This is a guest post by Sarah Goliger, an inbound marketer at HubSpot. HubSpot is a marketing software company based in Cambridge, MA that makes inbound marketing and lead management software. HubSpot is also the sponsor of Marketing Pilgrim’s Inbound Marketing channel.
If you’re generating leads for your business, you should know that roughly 50% of those leads will not be ready to buy immediately, according to Gleanster Research. What can you do, as a savvy inbound marketer, to convert more of those leads into customers? The answer is lead management.
By nurturing them with content that is closely-targeted to their needs and interests, you can educate your leads and pull them through the initial stages of the buying cycle until they are ready to be handed over to your sales team. But how do you know when a lead is ready for that first sales call? With the latest analytics tools and lead management software it’s easy to track behavior on your website and collect data that will help you make smarter marketing decisions.
Here are 5 B2B buying signals you should look out for and specific actions you can take to increase your sales.
1. Visiting your site multiple times in one day. When buyers are considering a product or service, they usually do quite a bit of research before making a decision or pitching it to their management. Some of that research happens on different parts of the web, but much of it happens on your website. Use your analytics to track how frequently your leads are visiting your site. If you see that a visitor has checked out your page multiple times in one day, it’s probably safe to assume that they’re seriously considering your business. As part of your lead intelligence system, you can set up lead alerts to put your sales reps in a position to reach out at the exact moment that a potential buyer needs help or more information.
2. Filling out a form but not pressing “Submit.” If you’re creating various offers to help your site visitors learn more about your industry, your company, and your product, it’s likely that many of your leads will first convert on your content offers – the informative and educational type. Once they’ve consumed this information, let’s say your leads visit your “request a demo or consultation” landing page and start to fill out the form, but before they hit “Submit,” they either decide against it or get pulled away. So you never actually get that request filed in your system. However, you can design the form to know whenever it gets a partial completion, and then get in touch with those leads. It might not be the right time to have a sales rep call them, but you could certainly send them some more product-focused offers that might provide them with a lower-risk version of the information they were seeking.
3. Reviewing case studies. Once your potential buyers move past the basic research stage, they are often looking to find out what kind of results others have generated with your product or service. They want to find out if your company is a good fit for their needs by looking at stories like theirs. Set a trigger on your case studies page to alert either you or a sales rep when a lead visits this part of your website. Based on that trigger and the particular lead’s score, you can set up lead nurturing email sends that either offer an additional deep dive or a customer webinar to a low score lead, or alternatively, have a rep follow up with them and offer a reference call. Putting your leads in touch with happy customers can have an enormously positive effect and do a lot to push them closer to being ready to buy.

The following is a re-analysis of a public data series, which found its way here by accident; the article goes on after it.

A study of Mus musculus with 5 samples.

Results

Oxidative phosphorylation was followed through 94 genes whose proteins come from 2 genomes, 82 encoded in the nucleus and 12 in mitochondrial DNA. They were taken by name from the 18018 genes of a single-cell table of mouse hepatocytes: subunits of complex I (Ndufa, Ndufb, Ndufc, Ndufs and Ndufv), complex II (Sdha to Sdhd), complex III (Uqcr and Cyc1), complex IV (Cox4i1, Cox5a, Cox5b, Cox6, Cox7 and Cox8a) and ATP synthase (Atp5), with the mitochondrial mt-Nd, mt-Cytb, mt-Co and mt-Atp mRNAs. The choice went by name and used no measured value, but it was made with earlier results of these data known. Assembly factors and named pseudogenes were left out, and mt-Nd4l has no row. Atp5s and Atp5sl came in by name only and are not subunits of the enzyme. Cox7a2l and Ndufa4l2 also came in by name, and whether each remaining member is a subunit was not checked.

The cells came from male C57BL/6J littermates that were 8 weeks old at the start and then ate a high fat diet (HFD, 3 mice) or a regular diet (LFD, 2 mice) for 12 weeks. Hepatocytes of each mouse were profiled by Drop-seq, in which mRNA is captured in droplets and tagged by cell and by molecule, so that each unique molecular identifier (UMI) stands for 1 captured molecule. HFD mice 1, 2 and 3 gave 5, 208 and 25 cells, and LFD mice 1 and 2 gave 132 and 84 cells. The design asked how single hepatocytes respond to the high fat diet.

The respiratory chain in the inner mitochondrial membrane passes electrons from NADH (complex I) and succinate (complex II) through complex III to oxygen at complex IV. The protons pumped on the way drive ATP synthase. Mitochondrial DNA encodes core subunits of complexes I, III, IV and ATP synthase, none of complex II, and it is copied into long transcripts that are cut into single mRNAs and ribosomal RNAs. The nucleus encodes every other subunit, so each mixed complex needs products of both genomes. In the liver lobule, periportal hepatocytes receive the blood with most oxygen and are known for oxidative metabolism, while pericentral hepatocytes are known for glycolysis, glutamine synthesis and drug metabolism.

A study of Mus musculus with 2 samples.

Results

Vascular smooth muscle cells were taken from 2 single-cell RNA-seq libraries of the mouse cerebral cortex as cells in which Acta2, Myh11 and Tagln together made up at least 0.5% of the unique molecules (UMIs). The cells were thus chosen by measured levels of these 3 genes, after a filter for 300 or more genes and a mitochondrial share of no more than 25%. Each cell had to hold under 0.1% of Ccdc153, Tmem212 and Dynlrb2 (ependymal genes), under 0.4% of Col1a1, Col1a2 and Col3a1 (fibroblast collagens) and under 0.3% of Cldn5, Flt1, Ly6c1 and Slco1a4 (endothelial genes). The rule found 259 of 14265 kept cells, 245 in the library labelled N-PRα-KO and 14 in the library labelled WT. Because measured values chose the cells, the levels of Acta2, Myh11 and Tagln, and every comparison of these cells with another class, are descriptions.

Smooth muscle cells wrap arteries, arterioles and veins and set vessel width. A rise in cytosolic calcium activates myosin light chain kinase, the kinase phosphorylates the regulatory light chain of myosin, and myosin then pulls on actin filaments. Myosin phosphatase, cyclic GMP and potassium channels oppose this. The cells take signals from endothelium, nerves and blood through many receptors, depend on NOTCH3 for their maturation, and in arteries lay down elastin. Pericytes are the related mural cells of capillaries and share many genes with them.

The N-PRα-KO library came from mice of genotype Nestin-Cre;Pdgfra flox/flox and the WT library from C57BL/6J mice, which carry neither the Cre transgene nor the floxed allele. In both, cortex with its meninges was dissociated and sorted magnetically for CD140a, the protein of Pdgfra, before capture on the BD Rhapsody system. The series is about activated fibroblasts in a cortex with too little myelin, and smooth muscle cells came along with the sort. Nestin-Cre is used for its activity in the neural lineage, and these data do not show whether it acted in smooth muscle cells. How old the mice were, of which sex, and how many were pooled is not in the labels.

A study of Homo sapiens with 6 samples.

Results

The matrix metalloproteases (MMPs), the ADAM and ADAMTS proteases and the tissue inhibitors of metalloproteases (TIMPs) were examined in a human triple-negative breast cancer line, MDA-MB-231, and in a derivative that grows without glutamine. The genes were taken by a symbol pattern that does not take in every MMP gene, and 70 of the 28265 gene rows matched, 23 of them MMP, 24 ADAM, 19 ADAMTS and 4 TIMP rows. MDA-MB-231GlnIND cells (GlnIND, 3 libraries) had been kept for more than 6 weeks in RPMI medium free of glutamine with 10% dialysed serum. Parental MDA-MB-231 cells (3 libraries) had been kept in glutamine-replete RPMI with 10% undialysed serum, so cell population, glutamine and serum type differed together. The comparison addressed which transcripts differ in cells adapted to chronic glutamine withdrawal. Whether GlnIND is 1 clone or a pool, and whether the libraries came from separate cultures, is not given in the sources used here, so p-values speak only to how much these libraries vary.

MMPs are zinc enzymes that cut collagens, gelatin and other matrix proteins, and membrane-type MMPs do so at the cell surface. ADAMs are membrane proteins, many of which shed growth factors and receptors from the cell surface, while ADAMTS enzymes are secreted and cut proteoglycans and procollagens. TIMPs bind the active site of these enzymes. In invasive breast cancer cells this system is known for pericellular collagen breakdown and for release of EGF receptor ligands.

4. Visiting your pricing page. Even more so than case studies, visiting pricing pages is a huge buying signal. Typically, checking out your prices means one of two things. If it’s earlier in the buying cycle, it might just be part of the research phase to get a rough estimate of your product’s affordability. In this case, it might be a good time to offer a consultation or a free trial via email. However, if your sales team is already discussing your product with a potential customer and that person visits your pricing page again, this is important information for your sales reps to have! Send your reps a heads up that it’s time to move into a closing sequence.
5. Tweeting or posting about you or your competition. With the widespread use of social media for interacting with other consumers, it’s not unusual to see potential customers tweeting or posting to Facebook to get recommendations about purchase decisions. You can set up your lead intelligence to monitor your leads’ Facebook and Twitter accounts, using filters to search for certain keywords, like the name of your company or your competitors. Then, alert your sales reps of these tweets and posts so they can follow up with a personal call. The idea is not to “stalk” your leads, but to help them find the information that they are actively seeking out by giving them the opportunity to interact quickly and directly with your sales team.
So there you have it – 5 ways to make sure you know when your potential customers are seriously considering your company and are ready for that phone call. Get started with these tactics and stop letting your sales-ready leads slip under the radar!